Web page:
When Square Enix’s range of Final Fantasy remasters for PC and mobile were first unveiled a couple of years back, fans were quick to notice something: not only had the game’s traditional pixel font been replaced, but they’d been replaced by new, tiny little letters that were an assault on the senses.
To recap, here’s how bad the fonts were:
Purchased individually, the games’ prices total out to $95.94. Fortunately, Steam offers a bundle option, but it only brings them down to $74.82, which feels a bit steep for a collection of decades-old games. It doesn’t help that Square Enix has saddled all the games with a text font that’s both overly clean and claustrophobically compact, making it impossible to look away from due to how out of place it feels. Many, many people have remarked on the tiny, tiny font.
“My god this font is the ugliest thing I’ve ever seen in a video game,” writer and podcaster Heather Anne Campbell said on Twitter. “It is the worst of all time.”
“[Seriously] guys I have typography dot com open in a tab literally right now,” wrote current YouTube guy and former Kotaku video guy Tim Rogers. “They got a lotta good ones on there, guys.”
With those same games coming to PS4 and Switch later this month, Square Enix decided to mark the occasion by fixing those fonts. Or, trying to fix them.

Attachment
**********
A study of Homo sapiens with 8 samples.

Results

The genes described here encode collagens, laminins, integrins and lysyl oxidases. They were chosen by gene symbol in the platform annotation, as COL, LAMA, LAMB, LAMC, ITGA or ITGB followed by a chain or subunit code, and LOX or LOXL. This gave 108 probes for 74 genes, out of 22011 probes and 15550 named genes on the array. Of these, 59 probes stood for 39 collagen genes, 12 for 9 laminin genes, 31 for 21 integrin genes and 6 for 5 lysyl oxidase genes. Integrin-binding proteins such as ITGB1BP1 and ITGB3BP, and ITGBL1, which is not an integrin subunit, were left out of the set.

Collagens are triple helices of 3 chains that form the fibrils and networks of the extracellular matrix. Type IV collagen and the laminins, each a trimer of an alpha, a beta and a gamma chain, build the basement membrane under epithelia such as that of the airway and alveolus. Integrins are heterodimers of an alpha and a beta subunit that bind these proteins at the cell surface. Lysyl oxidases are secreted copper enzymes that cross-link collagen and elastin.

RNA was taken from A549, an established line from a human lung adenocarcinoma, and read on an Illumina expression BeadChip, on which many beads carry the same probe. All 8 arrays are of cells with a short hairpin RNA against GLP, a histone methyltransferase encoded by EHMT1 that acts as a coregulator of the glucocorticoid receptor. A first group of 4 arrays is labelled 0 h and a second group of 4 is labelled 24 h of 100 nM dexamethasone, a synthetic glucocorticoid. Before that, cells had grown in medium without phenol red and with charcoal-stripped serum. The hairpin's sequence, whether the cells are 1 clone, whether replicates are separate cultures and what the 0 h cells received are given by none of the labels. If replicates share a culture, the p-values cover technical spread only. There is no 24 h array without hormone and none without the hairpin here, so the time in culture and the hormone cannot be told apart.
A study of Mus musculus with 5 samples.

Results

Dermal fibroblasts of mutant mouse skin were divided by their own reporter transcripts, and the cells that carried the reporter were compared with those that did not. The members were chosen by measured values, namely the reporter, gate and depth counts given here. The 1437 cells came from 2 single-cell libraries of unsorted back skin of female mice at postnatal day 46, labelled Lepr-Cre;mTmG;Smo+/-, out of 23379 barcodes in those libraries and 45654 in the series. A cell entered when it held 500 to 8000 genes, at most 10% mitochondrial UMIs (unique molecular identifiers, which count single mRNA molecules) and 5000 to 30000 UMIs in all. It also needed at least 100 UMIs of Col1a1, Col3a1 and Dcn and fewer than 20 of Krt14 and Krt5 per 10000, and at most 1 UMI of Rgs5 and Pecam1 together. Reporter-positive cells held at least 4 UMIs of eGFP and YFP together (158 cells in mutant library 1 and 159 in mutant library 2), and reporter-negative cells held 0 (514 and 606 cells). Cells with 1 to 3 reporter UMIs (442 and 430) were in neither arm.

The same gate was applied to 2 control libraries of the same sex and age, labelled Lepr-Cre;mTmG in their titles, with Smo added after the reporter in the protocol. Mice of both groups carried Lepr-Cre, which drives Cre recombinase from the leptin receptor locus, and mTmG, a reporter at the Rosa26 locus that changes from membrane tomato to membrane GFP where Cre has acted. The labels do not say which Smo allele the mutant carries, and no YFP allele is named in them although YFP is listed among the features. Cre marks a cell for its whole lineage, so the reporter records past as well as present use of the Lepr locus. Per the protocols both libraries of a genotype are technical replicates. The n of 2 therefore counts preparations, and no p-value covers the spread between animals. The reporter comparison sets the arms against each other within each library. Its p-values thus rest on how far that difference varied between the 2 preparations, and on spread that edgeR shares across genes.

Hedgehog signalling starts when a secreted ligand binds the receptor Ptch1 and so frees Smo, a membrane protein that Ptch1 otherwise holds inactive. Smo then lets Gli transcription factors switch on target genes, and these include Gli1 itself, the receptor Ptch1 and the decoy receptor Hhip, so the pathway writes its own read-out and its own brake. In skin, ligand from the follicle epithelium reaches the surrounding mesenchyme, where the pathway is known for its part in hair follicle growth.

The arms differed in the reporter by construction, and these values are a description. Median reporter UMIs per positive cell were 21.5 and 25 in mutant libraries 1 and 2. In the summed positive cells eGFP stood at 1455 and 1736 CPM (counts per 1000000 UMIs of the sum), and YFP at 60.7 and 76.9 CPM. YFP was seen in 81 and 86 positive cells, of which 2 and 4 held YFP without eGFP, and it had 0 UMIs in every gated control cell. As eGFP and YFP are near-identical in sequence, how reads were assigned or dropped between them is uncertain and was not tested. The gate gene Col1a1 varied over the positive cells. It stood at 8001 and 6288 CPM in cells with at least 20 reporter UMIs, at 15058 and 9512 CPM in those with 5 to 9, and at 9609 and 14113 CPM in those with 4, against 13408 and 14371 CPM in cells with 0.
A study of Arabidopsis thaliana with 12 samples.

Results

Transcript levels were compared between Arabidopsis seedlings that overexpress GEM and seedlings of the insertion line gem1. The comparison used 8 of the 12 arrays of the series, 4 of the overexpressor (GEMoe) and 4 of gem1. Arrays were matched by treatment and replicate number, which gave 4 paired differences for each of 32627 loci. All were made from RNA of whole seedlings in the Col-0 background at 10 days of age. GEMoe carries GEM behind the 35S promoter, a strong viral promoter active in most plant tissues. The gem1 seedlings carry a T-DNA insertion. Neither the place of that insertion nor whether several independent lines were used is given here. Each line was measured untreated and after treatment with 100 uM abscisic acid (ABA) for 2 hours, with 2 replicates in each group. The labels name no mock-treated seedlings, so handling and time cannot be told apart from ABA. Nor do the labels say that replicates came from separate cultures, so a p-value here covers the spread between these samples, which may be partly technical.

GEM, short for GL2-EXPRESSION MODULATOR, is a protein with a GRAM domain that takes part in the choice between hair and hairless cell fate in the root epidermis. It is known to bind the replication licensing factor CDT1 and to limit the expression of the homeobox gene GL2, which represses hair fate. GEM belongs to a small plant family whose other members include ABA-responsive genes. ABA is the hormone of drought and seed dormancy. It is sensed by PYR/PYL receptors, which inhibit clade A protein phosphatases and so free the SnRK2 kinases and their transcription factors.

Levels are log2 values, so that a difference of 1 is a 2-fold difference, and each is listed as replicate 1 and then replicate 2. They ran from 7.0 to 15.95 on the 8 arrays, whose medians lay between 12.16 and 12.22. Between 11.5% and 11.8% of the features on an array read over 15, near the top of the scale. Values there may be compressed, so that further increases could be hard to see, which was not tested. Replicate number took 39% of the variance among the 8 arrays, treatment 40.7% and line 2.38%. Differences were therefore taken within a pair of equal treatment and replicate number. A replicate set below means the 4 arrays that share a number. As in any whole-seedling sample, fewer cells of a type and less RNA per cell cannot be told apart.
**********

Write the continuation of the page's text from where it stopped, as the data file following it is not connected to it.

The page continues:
Among other new features like the ability to switch between original and rearranged soundtracks, and turning off random encounters, there’s also a menu option to “Change Fonts”, which “gives you the option to switch between two different fonts: the default font and a new pixel-based font that recreates the feel of the original games”. Which it does, in a way, but it’s still too small and condensed, so while its not as bad to look at, it’s in many cases very hard to read.
That sucks, but on the bright side, some of these other changes are welcome, including the fact that Square Enix have, very quietly, restored Final Fantasy VI’s intro credits, which had previously been removed and resulted in an eerily hollow opening sequence.
The PS4 and Switch versions of the remasters will be out on April 19.